As architects down tools for the holidays, it’s a time for reflection. So how was 2009? Most will say tough. Firms suffered redundancies, commissions dried up, projects were spiked – and let’s not even speak of Dubai.
But towards the end of the year there was a handful of major projects that managed to complete. This month, planes started flying to and from Rafael Viñoly’s elegant new terminal at Carrasco International Airport in Uruguay’s capital Montevideo; Zaha Hadid’s long anticipated Maxxi art gallery in Rome, a grand structure featuring a fluid form that was 10 years in the making, tentatively opened its doors in October before an official launch next spring; and in Brisbane the world’s largest tensegrity bridge, designed by Cox Rayner in collaboration with Arup, opened (the lightweight structure utilises tension and compression to give it form).
So are things beginning to pick up for 2010? Well, it’s early days yet. A sense of optimism does seem to be prevailing in the Far East and Asia – Korea, China, India and Taiwan continue to push ahead with ambitious schemes. “We’ve seen a real shift of work from Europe to Asia, things are picking up more easily there,” says Jacob van Rijs, director and co-founder at Rotterdam-based MVRDV. The practice, which focuses on architecture, urban planning and research, is working on a handful of projects next year including a “large scale housing” scheme in India where “there is a real optimistic atmosphere”, and a project exploring new city models for China.
Closer to home, construction will continue on MVRDV’s mixed-use public market in Rotterdam, an impressive soaring arch, scheduled to be complete by 2014. “There was a practical request to make a covered food market but we took the opportunity to make it more into a city building – this is the first step to creating a more urban, metropolitan atmosphere in Rotterdam, it will be a space everybody will know,” says Van Rijs.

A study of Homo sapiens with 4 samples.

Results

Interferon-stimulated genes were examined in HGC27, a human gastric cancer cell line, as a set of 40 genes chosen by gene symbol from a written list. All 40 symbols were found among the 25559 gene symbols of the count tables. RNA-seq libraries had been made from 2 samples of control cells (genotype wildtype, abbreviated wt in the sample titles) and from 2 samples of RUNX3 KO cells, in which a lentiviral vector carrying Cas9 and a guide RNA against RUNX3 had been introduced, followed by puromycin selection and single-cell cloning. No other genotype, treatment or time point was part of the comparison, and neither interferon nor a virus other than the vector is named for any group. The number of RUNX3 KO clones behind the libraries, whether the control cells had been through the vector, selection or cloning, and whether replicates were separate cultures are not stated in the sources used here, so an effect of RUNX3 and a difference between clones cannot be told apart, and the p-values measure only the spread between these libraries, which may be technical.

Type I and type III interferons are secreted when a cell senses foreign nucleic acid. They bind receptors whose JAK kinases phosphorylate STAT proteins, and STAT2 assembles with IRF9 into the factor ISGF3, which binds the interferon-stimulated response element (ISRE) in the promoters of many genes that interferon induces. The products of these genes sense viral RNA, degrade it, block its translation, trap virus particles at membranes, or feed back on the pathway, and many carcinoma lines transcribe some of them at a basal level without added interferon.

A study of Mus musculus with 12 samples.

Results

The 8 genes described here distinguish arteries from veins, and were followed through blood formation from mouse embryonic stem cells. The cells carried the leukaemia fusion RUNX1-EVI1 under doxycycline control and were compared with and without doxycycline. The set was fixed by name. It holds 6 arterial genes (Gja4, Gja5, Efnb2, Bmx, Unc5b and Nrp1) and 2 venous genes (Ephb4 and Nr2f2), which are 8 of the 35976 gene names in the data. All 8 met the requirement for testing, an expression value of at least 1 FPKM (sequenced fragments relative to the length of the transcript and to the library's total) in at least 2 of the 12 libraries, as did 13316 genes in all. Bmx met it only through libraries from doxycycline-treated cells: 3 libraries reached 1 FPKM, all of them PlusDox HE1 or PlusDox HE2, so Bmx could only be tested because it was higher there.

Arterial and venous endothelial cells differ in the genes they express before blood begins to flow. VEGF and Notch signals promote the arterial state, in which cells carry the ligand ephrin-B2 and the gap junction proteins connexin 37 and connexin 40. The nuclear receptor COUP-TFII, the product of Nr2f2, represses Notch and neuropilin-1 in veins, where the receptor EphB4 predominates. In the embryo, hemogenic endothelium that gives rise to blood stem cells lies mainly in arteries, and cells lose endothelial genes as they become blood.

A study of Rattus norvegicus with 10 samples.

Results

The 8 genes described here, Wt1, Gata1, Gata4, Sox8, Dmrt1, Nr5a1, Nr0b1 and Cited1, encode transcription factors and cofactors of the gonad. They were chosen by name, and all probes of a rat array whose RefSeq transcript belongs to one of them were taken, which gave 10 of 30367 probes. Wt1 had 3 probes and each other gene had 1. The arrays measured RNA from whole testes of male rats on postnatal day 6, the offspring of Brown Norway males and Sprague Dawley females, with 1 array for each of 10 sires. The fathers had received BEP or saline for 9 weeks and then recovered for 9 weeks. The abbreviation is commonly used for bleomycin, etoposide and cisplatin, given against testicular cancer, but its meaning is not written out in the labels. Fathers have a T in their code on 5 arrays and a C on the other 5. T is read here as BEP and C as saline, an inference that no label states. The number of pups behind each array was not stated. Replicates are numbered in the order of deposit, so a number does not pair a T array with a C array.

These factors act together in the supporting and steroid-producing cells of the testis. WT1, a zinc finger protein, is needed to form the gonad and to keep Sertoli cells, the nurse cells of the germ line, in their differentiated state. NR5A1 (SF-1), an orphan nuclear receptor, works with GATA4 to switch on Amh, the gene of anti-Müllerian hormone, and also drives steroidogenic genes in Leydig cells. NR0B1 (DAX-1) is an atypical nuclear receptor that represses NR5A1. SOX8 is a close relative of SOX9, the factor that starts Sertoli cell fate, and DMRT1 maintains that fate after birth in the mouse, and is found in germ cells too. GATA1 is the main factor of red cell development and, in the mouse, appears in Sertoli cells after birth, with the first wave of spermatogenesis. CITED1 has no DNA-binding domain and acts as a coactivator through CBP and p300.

James von Klemperer, design principal at New York-based Kohn Pedersen Fox Associates (KPF), also highlights the significant wave of activity in South Korea and China. “The Far East is still driving ahead,” he says. Next year construction will start on KPF’s Lotte Super Tower, a new skyscraper for Seoul featuring a tapered form inspired by ancient Korean ceramics, porcelain and calligraphy. Standing at 550m, it will be one of Asia’s tallest buildings when finished in 2014, and is the first of a series of skyscrapers planned to slice through Seoul’s skyline. “It’s the season for Seoul, there is a sudden spurting and really dramatic burst of growth. A tall building is an expression of optimism,” says Von Klemperer.
Other key projects to keep an eye on include Herzog & de Meuron’s sculptural car park designed for Miami’s mixed-use 1111 Lincoln Road development; Liverpool’s elegant new museum designed by Danish firm 3XN, and BIG’s yurt-inspired National Library in Kazakhstan’s capital, Astana. Moving ahead, it’s imperative that cities continue to invest in bold, stand-out architecture.
It also looks set to be a big year for the diary. Whether or not you’re a fan of expos, the Shanghai Expo in May seems destined to be an extravaganza – 70 million are expected to visit. Then there is the 53rd Venice Architecture biennale in August which will for the first time be curated by a woman, Kazuyo Sejima, a partner at Japanese firm SANAA (she also happens to be the first practising architect to oversee the event since Massimiliano Fuksas a decade ago). Always stimulating, expect lots of press, parties, and fresh thinking.